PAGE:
ARC Blog

Exploring Anxiety and Art

My name is Annalise De Young, and I graduated this spring with my degree in Mental Health Counseling and Expressive Arts Therapy from Lesley University. My thesis project was about exploring anxiety, particularly my own anxiety through art, and I wanted to share a little bit of that journey with this community.

When I look back on human history, I see that there are many constants, things that are always there in some form, and one of those constants is art. When I talk about art, it means more to me than just pictures on a page, it’s all the creative processes and expressions—visual, musical, theatrical and so on. Creating something is a way that we have processed our lives and experiences since the dawn of time. This is why ancient pieces of writing, art, and music still appeal to us because there is something about those human experiences written into that piece of art that we share. So I began the process of exploring my anxiety through art.

For me, anxiety is a very physical experience. A lot of the time I become aware of something physical before my brain kicks in to notice that we are on the fast track to Anxious Land. The biggest clue is that my jaw will be clenched, and once I notice that it usually follows that I notice knots in my stomach and hands that cannot be kept still. Sometimes, it just feels like the overwhelming need to escape. I kept a journal for a couple months focusing just on the physical feelings of being anxious, and then, I brought them into the art studio.

I wanted to make what I felt inside of myself visible to the outside world, and I wondered what these feelings would look like on the outside of my body, painted on my skin. And I wanted to get to know those feelings, so I could name them, face them, and feel them without letting them take control. I began each of the painting sessions by reading through my journal entries until I found something that stuck out to me. I spent time remembering that feeling, trying to find it back within my body, and then I started to paint.

Here is an example of one of the descriptions I found in my journal, and the painting that came from it: This one is sudden—it feels like my air is gone. It radiates and sucks itself in like a swirling vortex of terror, but in slow motion. It pulls everything into a great, big emptiness.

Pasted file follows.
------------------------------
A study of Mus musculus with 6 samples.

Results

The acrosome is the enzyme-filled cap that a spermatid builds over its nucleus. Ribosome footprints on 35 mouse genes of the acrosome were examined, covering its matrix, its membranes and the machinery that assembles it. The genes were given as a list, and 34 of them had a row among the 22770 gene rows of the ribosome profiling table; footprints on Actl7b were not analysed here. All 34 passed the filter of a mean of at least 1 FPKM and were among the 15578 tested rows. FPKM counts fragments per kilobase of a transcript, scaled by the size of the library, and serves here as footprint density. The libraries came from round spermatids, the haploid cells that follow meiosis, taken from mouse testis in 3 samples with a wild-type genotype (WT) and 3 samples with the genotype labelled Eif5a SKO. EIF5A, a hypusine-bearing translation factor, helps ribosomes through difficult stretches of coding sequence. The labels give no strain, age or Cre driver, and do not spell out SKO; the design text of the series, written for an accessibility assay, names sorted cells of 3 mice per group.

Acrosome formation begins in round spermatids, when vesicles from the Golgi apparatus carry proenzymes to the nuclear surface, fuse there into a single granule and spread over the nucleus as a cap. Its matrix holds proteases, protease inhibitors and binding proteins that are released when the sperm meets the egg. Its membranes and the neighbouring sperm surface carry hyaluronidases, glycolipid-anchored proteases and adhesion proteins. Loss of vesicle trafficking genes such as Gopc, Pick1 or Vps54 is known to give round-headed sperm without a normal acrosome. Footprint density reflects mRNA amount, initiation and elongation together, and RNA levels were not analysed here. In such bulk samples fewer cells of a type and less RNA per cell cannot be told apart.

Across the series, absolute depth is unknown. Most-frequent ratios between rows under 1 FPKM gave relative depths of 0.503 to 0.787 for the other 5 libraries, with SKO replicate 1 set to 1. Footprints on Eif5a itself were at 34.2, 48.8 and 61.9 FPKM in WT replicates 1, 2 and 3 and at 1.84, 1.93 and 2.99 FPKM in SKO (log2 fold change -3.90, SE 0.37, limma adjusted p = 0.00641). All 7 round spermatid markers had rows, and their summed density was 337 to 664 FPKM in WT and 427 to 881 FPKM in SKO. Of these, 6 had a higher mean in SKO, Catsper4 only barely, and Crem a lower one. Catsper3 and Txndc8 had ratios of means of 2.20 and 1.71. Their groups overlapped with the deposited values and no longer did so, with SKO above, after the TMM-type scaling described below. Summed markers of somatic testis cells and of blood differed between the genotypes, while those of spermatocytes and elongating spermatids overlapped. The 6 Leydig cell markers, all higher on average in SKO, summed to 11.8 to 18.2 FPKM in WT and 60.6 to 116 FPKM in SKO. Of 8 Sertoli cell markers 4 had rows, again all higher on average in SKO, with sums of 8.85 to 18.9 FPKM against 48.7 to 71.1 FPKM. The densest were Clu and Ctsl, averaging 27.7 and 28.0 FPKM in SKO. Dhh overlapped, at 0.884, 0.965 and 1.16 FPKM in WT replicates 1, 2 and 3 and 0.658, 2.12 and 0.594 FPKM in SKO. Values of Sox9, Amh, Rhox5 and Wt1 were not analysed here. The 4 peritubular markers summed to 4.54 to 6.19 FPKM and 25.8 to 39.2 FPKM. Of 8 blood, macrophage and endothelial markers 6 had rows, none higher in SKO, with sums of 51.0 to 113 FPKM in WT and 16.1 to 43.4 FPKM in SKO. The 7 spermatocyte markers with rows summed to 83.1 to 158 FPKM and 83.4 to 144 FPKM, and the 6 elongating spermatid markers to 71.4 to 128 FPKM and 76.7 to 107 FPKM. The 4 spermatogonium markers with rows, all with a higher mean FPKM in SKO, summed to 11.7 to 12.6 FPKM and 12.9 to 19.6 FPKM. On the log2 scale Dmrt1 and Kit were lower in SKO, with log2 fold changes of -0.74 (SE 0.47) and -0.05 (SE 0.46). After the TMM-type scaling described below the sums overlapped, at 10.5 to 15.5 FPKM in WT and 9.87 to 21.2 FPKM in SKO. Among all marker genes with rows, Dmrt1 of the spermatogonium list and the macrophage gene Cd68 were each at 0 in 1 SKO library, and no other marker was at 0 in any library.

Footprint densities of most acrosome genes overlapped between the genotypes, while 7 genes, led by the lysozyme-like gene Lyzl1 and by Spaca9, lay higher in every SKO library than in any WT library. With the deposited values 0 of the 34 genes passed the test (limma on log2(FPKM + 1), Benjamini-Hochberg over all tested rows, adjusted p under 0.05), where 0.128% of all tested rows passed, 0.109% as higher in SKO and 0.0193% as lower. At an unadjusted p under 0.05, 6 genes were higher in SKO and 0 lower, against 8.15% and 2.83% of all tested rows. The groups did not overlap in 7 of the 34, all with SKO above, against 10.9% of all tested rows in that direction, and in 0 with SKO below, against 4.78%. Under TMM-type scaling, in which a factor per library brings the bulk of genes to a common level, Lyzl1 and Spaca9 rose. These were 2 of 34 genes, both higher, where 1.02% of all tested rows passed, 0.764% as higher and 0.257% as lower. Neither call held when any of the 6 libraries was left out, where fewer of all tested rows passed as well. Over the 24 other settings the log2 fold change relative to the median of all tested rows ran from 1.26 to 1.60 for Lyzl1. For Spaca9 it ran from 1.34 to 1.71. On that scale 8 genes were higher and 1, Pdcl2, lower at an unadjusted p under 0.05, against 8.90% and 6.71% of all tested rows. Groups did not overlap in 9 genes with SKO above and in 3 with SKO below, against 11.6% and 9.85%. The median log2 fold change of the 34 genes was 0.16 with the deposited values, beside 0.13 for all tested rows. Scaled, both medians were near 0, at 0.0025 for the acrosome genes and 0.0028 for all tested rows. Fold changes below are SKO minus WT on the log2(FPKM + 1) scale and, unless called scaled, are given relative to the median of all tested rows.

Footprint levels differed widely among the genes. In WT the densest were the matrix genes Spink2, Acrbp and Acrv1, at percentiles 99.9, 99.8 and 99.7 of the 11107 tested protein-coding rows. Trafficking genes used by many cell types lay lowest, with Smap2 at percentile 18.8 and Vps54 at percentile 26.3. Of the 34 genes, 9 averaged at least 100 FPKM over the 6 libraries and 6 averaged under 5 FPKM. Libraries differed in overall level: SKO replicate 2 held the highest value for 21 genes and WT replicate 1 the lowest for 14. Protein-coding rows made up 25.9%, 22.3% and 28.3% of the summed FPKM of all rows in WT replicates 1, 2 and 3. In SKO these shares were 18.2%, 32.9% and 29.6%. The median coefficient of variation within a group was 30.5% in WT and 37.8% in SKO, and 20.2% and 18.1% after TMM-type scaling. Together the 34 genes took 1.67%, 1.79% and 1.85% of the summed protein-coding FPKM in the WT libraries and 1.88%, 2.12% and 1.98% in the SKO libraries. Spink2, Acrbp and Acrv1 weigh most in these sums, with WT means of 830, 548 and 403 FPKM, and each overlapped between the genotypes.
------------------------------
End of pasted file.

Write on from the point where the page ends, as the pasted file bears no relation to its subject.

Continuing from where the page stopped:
I spent hours in the studio painting what my anxiety felt like, and since this was for research, I was also filming, photographing and documenting along the way. On my last day of painting, I was sitting on the studio floor reading through my journal entries like I had done each of the previous times. I was looking for an image or feeling from the journal that stood out to me that day when I realized I was ready to paint myself strong. As I looked at the journal pages, I felt like I knew those feelings already, I understood them better than I had on the day I started painting, but I wanted to paint myself strong. I survived those feelings, in this body, in this skin, and it was strong—it is strong, and so am I.



Through all the research and my own life experience, I learned a few things, and one of the biggest lessons was that it can be almost impossible to tackle anxiety with just a single approach, like therapy or medication, or meditation. Anxiety becomes part of our train of thought, running on a parallel track until it derails us. It is something that we have to approach from multiple angles in order to really get ahead of it. I also came to recognize that anxiety is well-intentioned, but it is dangerous when it becomes too powerful. Anxiety wants to keep us safe, and it thrives on the unknown.

Art is a useful tool for relaxation and meditation, for keeping the mind calm, which are excellent things for a person who experiences anxiety. But art can also take us through some of the more difficult parts of our journey, the parts that are not easy to talk about. When there are no words for what we feel, we can turn to art to express ourselves. For some of us that could mean dancing, for others writing. It could mean picking up an instrument or picking up a paint brush.

Annalise is a freshly-minted Expressive Arts Therapist born and raised in Grand Rapids, MI. She attended City High School, Alma College, and Lesley University. She has a passion for helping people discover and rediscover creative paths to healing in their lives and their communities, and for helping people to express things without words. Truly ‘smitten with the mitten,’ she is always drawn to the water, loves all four seasons (yes, even winter), and all the adventures that Michigan has to offer. When at home you would likely find her hanging out with her rabbit (Matteo), crocheting, making art, or enjoying the thrills of Netflix. To hear more send her an email at [email protected].